Section 508 Refresh – Information and Communications Technology (ICT)


Section 508 covers technology procured by the federal agency under contract with a private entity and produced within the organization itself.

It includes:

  • telecommunication products (e.g., telephones; information kiosks, and transaction machines);
  • websites;
  • multimedia (e.g., content on videotapes, CDs, and DVDs);
  • Office equipment (e.g., copiers and fax machines); and services.

The Section 508 Refresh also makes a change in the terminology from Electronic and Information Technology (EIT) to Information and Communications Technology (ICT). The term ICT encompasses EIT as well as other communication technology such as Voice over IP (VoIP), telecommunication products, and customer premises equipment (CPE) used for telecommunications. This updated term also takes into account modern communication methods and fits better with the harmonized Section 508 and Section 255 standards. This terminology change does not practically alter the applicability of the standards and guidelines to what was previously covered.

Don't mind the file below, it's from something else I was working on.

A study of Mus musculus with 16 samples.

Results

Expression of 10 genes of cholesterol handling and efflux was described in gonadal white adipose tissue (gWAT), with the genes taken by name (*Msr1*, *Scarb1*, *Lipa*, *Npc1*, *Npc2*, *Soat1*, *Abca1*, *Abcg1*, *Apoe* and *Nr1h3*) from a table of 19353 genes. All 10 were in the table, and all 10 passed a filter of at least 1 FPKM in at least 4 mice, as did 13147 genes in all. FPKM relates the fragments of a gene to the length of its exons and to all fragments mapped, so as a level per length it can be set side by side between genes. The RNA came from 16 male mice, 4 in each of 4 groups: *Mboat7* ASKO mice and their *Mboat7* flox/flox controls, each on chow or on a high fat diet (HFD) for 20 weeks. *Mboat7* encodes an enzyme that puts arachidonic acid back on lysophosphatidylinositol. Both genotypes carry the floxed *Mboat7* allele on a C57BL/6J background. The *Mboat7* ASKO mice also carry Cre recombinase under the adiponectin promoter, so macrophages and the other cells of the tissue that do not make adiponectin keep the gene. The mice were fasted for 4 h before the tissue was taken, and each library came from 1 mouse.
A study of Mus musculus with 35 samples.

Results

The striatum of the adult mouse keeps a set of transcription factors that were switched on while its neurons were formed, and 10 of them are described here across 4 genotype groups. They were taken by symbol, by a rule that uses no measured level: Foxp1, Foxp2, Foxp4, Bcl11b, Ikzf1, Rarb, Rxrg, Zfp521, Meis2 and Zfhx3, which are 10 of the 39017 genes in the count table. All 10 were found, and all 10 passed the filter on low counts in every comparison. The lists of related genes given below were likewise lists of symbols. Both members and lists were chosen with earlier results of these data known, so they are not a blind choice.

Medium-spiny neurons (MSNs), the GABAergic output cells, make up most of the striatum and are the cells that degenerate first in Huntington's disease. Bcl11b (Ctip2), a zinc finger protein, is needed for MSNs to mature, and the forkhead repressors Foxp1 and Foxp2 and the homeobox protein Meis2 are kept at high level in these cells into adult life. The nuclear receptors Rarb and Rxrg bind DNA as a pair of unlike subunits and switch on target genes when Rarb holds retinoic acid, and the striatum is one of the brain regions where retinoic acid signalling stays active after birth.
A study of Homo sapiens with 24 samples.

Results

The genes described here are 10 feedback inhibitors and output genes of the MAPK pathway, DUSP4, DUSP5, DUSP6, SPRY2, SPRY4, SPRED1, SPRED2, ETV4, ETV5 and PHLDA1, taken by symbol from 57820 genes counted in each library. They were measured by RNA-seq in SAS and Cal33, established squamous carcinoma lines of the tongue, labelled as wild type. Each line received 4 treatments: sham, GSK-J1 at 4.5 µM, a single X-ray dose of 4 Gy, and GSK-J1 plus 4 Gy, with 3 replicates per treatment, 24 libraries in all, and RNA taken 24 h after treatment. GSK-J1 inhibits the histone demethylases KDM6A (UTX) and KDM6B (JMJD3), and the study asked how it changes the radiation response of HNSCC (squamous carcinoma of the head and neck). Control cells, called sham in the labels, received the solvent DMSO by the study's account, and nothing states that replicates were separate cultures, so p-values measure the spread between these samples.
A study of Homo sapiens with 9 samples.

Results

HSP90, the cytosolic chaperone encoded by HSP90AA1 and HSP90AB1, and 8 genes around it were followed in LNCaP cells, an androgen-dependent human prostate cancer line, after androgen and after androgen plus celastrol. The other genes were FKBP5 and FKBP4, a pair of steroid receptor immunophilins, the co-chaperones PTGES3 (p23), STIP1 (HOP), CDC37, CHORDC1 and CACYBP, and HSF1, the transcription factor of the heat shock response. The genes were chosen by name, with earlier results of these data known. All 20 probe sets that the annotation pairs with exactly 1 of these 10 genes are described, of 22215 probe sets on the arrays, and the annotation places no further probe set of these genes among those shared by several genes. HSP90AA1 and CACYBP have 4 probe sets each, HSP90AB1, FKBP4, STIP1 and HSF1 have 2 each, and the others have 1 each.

This proposal restructures Section 508 around feature capabilities of products and services rather than types of products or services. After all, modern technology often combines different functionality into one product or service.

For example, a mobile phone contains:

  • hardware,
  • telecommunications services,
  • software,
  • web content, and
  • multimedia, all in one product.

Restructuring the standards and guidelines will allow those determining compliance to evaluate the product or service based on the features that it has rather than what type of product or service it is. This should reduce confusion about applicable requirements and remove repetitive standards and guidelines that were previously placed in each section to address the same issues across product types.